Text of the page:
Summary for Event Guide
A high-performing agile team is tight knit. They have worked hard to become a cohesive unit and have developed a bond. This chemistry can be thrown off balance when someone is added to the team in the middle of a project. It does not matter how flexible, capable, or agile savvy the new team member is. If they have not been involved in the care and nurturing of the team’s culture and is not invested in the same way that the other team members are. When the new team member is not flexible, capable or agile savvy, the effect can be devastating.
“Tell me and I’ll forget; show me and I may remember; involve me and I’ll understand.” – Chinese Proverb
Agile teams that rapidly learn and apply new-found skills become increasingly adept at embracing change and delivering value. Team members feel more fulfilled, motivated and valued. And they have way more fun!
In this session you will learn about agile learning! Learn to recognize learning moments and put in place effective learning patterns tuned to your team and context. Learn how to build and sustain an effective learning culture on your agile team.
This is a journey starting in 2005 when establishing a new software company in Bangladesh 7000 km away from Denmark. Hiring 20 people in one week in Bangladesh and start using CMMI processes to integrate development in Denmark and Bangladesh. After some challenging time aborting the CMMI project and switching back to agile and lean techniques to make it work. Experience from implementing global big bang Scrum and building a kaizen culture. From long running projects, technical dept and integration nightmares to small batches, continuous integration and faster delivery of business value.
This is a highly participative workshop for delegates to learn more about collaborative and organisational storytelling. Personal stories will be told, retold and analysed, to investigate underlying values, through a series of collaborative story-games. Collaborative storytelling will be explored as an activity for team building, coordination and problem-understanding. Attendees will participate in generating ideas for a set of story-cards that could be used to help teams explore their own values, beliefs and concerns through collaborative storytelling around software projects.
This report shares the successful adoption of agile practices in redefining the support group in our IT Organization. The report includes a unique organization of a collaborative, team-based approach to handling support requests, benefits achieved, lessons learned, and the next steps towards continual improvements for the customer experience and excellence in software development & support. We describe how an organization can use an innovative approach to transform the culture and the effectiveness of the support organization from an operational cost center to a value-added thought partner.
Over the last ten years, Test-Driven Development has grown from something exotic, that only a handful of people knew about, to near- commodity. So there’s nothing left to say, right? We don’t think so.
In this talk, we’ll review some of the landmarks in the history of Test-Driven Development and what they tell us about how to develop software; the ideas, techniques, objections, and misunderstandings.
We’ll talk about our experiences of discovering TDD and what we’ve learned about how to do it well, how to adopt it, and how to bring it into existing code.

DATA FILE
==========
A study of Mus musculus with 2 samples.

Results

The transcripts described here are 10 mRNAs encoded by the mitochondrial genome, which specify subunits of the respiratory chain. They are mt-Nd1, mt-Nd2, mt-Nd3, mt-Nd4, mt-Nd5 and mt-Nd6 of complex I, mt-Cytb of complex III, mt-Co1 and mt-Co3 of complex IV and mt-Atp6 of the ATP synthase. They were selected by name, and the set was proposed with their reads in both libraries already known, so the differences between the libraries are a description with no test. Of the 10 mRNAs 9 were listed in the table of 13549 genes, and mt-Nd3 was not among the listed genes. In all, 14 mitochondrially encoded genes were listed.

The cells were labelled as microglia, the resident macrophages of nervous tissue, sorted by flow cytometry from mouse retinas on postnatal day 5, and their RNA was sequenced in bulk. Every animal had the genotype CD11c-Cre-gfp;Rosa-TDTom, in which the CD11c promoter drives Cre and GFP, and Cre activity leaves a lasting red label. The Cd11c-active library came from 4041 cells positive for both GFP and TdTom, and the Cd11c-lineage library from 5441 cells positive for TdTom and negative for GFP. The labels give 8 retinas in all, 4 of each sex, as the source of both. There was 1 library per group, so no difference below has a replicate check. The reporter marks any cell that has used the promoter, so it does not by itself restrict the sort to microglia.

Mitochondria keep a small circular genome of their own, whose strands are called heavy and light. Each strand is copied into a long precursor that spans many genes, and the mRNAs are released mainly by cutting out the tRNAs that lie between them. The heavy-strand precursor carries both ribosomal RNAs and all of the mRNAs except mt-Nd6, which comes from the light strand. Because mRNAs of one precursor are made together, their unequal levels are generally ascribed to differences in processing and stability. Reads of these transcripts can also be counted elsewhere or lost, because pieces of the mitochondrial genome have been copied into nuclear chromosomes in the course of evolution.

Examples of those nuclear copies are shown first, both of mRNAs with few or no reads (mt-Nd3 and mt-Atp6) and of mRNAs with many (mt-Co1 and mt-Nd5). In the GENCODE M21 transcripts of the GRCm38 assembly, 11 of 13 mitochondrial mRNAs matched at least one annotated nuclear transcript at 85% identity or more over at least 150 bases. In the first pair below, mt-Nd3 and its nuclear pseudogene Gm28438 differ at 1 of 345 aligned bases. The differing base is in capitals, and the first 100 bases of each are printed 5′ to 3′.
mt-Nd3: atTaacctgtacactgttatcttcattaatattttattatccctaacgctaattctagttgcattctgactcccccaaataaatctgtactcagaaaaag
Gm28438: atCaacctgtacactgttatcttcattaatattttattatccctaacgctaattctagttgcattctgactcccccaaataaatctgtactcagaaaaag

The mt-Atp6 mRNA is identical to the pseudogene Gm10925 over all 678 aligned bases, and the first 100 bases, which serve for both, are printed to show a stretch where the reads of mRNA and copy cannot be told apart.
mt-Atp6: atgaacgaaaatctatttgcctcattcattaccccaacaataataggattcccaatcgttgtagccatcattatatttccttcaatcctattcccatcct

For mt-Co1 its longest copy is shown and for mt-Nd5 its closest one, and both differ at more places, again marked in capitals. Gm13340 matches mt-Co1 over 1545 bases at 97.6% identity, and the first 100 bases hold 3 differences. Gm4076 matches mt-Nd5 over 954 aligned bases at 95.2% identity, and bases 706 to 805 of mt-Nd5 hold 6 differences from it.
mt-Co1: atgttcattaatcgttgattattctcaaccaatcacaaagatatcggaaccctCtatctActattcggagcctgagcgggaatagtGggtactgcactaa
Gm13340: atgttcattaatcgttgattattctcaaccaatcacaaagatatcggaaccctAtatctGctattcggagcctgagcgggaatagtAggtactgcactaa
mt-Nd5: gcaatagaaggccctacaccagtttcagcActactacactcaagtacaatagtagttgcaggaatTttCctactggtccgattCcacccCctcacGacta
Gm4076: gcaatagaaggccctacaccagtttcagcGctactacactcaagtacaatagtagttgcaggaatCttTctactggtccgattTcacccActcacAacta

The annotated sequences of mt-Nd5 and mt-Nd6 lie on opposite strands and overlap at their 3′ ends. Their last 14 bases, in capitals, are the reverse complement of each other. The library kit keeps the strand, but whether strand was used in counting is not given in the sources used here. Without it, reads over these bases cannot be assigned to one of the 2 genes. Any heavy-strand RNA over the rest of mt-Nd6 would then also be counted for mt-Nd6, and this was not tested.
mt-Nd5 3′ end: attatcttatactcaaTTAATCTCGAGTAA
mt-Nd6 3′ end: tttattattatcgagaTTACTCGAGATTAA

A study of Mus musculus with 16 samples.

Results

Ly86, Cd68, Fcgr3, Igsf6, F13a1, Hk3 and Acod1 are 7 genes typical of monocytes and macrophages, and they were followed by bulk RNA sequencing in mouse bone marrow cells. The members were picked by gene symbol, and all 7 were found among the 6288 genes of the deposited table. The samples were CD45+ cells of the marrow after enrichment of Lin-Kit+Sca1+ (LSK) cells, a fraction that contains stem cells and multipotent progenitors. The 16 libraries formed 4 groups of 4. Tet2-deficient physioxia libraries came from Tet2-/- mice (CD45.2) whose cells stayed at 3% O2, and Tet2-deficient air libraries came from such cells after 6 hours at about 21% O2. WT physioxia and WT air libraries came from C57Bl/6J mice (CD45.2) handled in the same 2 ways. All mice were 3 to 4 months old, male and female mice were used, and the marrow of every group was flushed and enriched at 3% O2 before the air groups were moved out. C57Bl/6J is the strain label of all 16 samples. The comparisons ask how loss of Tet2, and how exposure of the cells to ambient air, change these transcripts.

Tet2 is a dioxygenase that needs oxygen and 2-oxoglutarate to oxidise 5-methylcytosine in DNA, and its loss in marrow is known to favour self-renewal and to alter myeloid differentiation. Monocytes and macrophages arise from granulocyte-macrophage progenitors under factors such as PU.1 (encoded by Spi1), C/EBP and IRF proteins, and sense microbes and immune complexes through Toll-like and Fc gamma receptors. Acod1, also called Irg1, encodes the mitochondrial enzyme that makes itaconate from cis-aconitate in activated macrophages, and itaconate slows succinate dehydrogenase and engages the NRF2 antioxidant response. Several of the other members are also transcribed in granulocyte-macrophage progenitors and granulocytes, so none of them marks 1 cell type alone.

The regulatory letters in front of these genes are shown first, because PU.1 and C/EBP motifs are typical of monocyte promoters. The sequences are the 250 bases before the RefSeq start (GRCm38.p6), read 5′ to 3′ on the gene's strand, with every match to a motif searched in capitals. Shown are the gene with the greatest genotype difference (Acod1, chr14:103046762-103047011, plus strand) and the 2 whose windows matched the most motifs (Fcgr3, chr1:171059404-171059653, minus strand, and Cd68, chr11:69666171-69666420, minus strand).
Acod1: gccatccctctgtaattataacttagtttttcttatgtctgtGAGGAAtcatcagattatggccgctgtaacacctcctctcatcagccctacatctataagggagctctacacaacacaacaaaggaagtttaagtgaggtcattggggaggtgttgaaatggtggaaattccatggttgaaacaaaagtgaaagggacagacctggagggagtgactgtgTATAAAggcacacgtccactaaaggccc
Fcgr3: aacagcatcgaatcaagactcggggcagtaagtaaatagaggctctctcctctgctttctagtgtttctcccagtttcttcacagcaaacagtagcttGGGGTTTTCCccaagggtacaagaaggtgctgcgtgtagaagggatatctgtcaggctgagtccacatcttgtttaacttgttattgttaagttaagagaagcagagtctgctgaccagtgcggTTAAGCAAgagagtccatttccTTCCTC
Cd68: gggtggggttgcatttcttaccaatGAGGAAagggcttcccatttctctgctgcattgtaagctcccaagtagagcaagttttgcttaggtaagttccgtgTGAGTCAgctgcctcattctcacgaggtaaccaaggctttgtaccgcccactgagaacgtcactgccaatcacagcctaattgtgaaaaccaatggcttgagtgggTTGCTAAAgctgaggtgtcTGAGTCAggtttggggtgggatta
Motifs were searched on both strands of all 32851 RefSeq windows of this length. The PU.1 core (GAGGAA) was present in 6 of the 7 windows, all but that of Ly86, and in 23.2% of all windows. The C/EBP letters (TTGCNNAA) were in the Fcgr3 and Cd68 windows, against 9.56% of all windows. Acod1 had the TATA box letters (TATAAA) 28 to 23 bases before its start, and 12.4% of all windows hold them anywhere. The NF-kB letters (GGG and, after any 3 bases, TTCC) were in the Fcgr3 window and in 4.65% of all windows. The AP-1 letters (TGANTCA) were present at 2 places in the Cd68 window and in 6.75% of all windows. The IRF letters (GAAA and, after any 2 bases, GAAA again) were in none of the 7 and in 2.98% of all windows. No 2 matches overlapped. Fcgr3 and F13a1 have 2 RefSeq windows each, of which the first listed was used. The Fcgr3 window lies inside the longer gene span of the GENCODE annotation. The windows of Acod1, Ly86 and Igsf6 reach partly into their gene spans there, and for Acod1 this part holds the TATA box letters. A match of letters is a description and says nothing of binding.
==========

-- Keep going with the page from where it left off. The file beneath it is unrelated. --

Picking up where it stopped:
One of the challenges global teams are facing, is overcoming cultural differences. Yet, these differences have their origin not only in geography and language, but also in strategies, politics, values and history. A company, no less than the broader society, shapes a culture that influences its employees behavior. A distributed team needs to leverage this and jointly develop a project culture and keep the project history alive for emphasizing the common culture. This session points out techniques that have helped to create a common culture in different global projects I have been working on.
Are you thinking about trying agile approaches? Do you have an agile transition underway? Is your team or organization trying to become agile, but been less than successful thus far? A foundational implication – and the biggest potential roadblock – of the agile manifesto is culture change.
Therefore, to be successful with agile approaches and especially to scale them, you must go beyond agile technical practices and simultaneously tackle culture changes. This session shows why this is so, introduces a simple culture model, and gives you an opportunity to try out a culture tool.
I propose that the larger issue with Agile Contracts is not that we don’t know how to write them. After all we know how to deliver Agile projects, so a contract can simply describe that process. The problem is with making Agile Contract commercially competitive; against suppliers who are offering the promise of delivering the perfectly predicted dream - offering the certainty that people crave. This is a prisoners dilemma, with organisations driving themselves towards a sub optimal solution. Through game theory we will explore ways in which to improve the appeal of the agile offering.
A good QA is worth their weight in gold, but the reality is that the best QA often have trouble working in an Agile Environment. The shift to a quality centred approach surely must be every QA’s dream but there are underlying issues that prevent this adoption. In this session we delve into the mind of a career tester, probe the pain points & explore strategies to communicate the value of agile testing to the classically trained. We look at personalities & what drives people to want to test & the benefits that QA provide to a project beyond rubber-stamping the ‘done’ column on the task board.